RWJBarnabas Health Commemorates National Emergency Medical Services Week (May 19-25, 2024)

This year marks the 50th anniversary of EMS Week.


West Orange, N.J., May 22, 2024 — RWJBarnabas Health commemorates National EMS Week 2024, starting May 19, and recognizes and salutes all the dedicated emergency medical services (EMS) practitioners throughout New Jersey. This year’s theme is “Honoring Our Past. Forging Our Future.”


As the largest EMS program in the state, primarily responsible for 38 percent of the state’s population, RWJBarnabas Health’s Mobile Health service has 1,700 emergency medical technicians (EMT), paramedics, and dispatchers in 10 counties and 23 municipalities and counting from Belleville to Toms River. Mobile Health handles 225,000 emergency medical response assignments annually, with a fleet of 300 vehicles, including a helicopter and 40 EMS stations.


The RWJBarnabas Health system is unique in its ability to meet the entire chain of survival, as well as its geography (1,280 sq miles) and covered lives (3.3 – 3.4 million people).


“Our comprehensive EMS team provides high-quality, patient-centered care to all our communities 365 days a year, 24 hours a day, no matter the emergency. What makes them truly remarkable is their resilience, dedication, and professionalism in what is often challenging and unique environments that come with serving a diverse cross-section of New Jersey, from inner cities to suburban and rural areas,” said James F. Smith, Vice President, Mobile Health, RWJBarnabas Health.


Mobile Health’s air medical program, which launched in 2019, significantly enhances the healthcare system’s capabilities. It facilitates the rapid transport of critically ill patients across New Jersey, ensuring timely access to essential interventions and seamlessly integrates with the existing pre-hospital system. When time is critical — especially for patients suffering from severe burns requiring treatment at The Burn Center of NJ, stroke victims, or individuals experiencing heart attacks and traumas — swift intervention becomes their best chance at recovery.

The impact of such rapid, specialized care can be profound, as expressed by a seasoned EMS professional: “For 40 years, EMS has provided me the unique opportunity to care for people in their most vulnerable moments. It’s a privilege to offer not just medical skills but also support during a very difficult time,” said Charles Livezey, a Mobile Health and Southern Region paramedic.


Livezey first became involved in EMS as a cadet at age 16 on the Englishtown Manalapan First Aid Squad. His father had served as captain over the years as well as chief of the local fire department. “I grew up around EMS. … The most important basic thing to remember is to treat everyone with respect, patience, and understanding. Remember that the person who calls for help may be experiencing the worst moments of their lives,. They also don’t get the ability to choose who their responders will be during their time of need.”


About Mobile Health

Mobile Health is home to the state’s largest EMS program, present in ten counties, handling 225,000 emergency medical response assignments annually, with a fleet of 300 vehicles including a helicopter and 40 EMS stations, with primary responsibility for 38 percent the state’s population.  The EMS Training and Education Center, the largest provider of emergency medical education in New Jersey, serves over 20,000 community members. Mobile Health has eight EMT school locations, teaching approximately 800 students annually and two accredited Paramedic school locations.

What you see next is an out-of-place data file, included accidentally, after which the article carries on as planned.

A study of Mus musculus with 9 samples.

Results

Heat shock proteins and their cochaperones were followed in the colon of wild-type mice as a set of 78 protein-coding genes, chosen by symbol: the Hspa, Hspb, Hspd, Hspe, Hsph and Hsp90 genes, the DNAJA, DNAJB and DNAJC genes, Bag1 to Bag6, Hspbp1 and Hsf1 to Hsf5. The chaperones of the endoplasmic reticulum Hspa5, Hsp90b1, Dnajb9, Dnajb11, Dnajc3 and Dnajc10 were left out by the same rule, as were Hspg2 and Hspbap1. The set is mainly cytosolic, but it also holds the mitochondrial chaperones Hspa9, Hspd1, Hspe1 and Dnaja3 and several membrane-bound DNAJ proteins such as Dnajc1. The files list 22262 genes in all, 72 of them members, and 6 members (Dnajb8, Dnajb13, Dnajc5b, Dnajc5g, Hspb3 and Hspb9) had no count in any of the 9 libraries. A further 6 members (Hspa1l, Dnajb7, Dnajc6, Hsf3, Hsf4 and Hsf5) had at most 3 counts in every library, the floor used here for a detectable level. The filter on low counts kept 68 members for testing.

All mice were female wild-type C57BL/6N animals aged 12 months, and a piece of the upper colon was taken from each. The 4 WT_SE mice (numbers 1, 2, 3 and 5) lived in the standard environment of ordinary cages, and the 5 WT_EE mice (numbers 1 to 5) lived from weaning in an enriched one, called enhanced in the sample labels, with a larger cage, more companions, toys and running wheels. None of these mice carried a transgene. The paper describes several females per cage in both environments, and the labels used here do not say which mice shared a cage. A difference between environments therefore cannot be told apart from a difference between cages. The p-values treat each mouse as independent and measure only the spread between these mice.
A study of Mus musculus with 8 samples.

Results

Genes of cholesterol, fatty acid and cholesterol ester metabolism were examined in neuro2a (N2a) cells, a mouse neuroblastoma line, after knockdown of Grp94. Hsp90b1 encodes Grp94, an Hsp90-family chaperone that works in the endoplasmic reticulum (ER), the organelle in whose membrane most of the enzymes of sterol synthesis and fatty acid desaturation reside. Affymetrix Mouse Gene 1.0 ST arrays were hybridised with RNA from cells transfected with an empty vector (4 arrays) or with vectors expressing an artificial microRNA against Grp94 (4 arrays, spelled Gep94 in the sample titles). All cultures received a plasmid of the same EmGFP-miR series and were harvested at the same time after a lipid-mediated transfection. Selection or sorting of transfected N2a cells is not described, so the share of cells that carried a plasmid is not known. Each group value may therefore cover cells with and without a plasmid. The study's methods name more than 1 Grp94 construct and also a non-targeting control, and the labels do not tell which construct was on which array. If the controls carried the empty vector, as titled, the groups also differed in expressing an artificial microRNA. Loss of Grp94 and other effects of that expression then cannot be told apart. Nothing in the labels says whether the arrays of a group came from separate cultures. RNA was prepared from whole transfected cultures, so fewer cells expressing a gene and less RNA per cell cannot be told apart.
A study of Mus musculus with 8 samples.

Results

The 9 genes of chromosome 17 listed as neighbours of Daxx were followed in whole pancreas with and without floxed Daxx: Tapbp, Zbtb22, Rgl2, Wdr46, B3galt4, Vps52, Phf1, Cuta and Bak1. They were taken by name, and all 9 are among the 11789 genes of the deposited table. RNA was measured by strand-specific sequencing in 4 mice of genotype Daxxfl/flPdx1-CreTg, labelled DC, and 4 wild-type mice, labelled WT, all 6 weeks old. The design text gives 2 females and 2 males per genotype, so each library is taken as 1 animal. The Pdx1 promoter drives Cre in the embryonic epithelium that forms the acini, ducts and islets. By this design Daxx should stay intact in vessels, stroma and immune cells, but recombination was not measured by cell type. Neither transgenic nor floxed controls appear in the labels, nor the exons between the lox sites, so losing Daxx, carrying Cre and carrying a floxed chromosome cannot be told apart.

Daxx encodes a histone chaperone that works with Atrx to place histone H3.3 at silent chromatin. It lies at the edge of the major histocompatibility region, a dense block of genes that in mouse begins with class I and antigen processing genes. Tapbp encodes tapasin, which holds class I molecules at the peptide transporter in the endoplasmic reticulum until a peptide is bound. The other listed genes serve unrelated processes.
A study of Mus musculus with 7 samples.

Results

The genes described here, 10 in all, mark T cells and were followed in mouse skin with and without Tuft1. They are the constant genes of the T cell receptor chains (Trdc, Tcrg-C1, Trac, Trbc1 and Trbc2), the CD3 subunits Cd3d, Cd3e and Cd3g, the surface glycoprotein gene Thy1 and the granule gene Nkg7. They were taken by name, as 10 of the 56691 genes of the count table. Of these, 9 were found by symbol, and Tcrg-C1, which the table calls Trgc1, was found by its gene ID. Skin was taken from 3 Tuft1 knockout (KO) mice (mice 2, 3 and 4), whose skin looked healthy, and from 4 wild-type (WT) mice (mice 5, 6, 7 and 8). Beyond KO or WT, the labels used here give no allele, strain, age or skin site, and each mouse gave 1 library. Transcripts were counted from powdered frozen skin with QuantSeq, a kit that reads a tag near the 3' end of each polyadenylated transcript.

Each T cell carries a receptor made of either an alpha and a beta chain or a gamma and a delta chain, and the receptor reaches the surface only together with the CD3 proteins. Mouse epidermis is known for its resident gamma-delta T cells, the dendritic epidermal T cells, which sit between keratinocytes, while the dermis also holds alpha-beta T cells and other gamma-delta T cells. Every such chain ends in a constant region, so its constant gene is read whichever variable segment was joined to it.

RWJBarnabas Health is the largest, most comprehensive academic health care system in New Jersey, with a service area covering nine counties with five million people. The system includes twelve acute care hospitals – Clara Maass Medical Center in Belleville, Community Medical Center in Toms River, Cooperman Barnabas Medical Center in Livingston, Jersey City Medical Center in Jersey City, Monmouth Medical Center in Long Branch, Monmouth Medical Center Southern Campus in Lakewood, Newark Beth Israel Medical Center in Newark, Robert Wood Johnson University Hospital in New Brunswick, Robert Wood Johnson University Hospital at Hamilton in Hamilton, Robert Wood Johnson University Hospital Rahway in Rahway, and Robert Wood Johnson University Hospital Somerset in Somerville; Trinitas Regional Medical Center in Elizabeth; three acute care children’s hospitals; Children’s Specialized Hospital, including a network of outpatient centers; a behavioral health center and the state’s largest behavioral health network; two trauma centers; a satellite emergency department; ambulatory care centers; geriatric centers; comprehensive home care and hospice programs; fitness and wellness centers; retail pharmacy services; an affiliated medical group; multi-site imaging centers; and two accountable care organizations.

RWJBarnabas Health is among New Jersey’s largest private employers – with more than 41,000 employees and 9,000 physicians – and routinely captures national awards for outstanding quality and safety. RWJBarnabas Health, in partnership with Rutgers University, is New Jersey’s largest academic health care system. The collaboration aligns RWJBarnabas Health with Rutgers’ education, research, and clinical activities, including those at the Rutgers Cancer Institute of New Jersey – the state’s only National Cancer Institute (NCI)-designated Comprehensive Cancer Center – and Rutgers University Behavioral Health Care.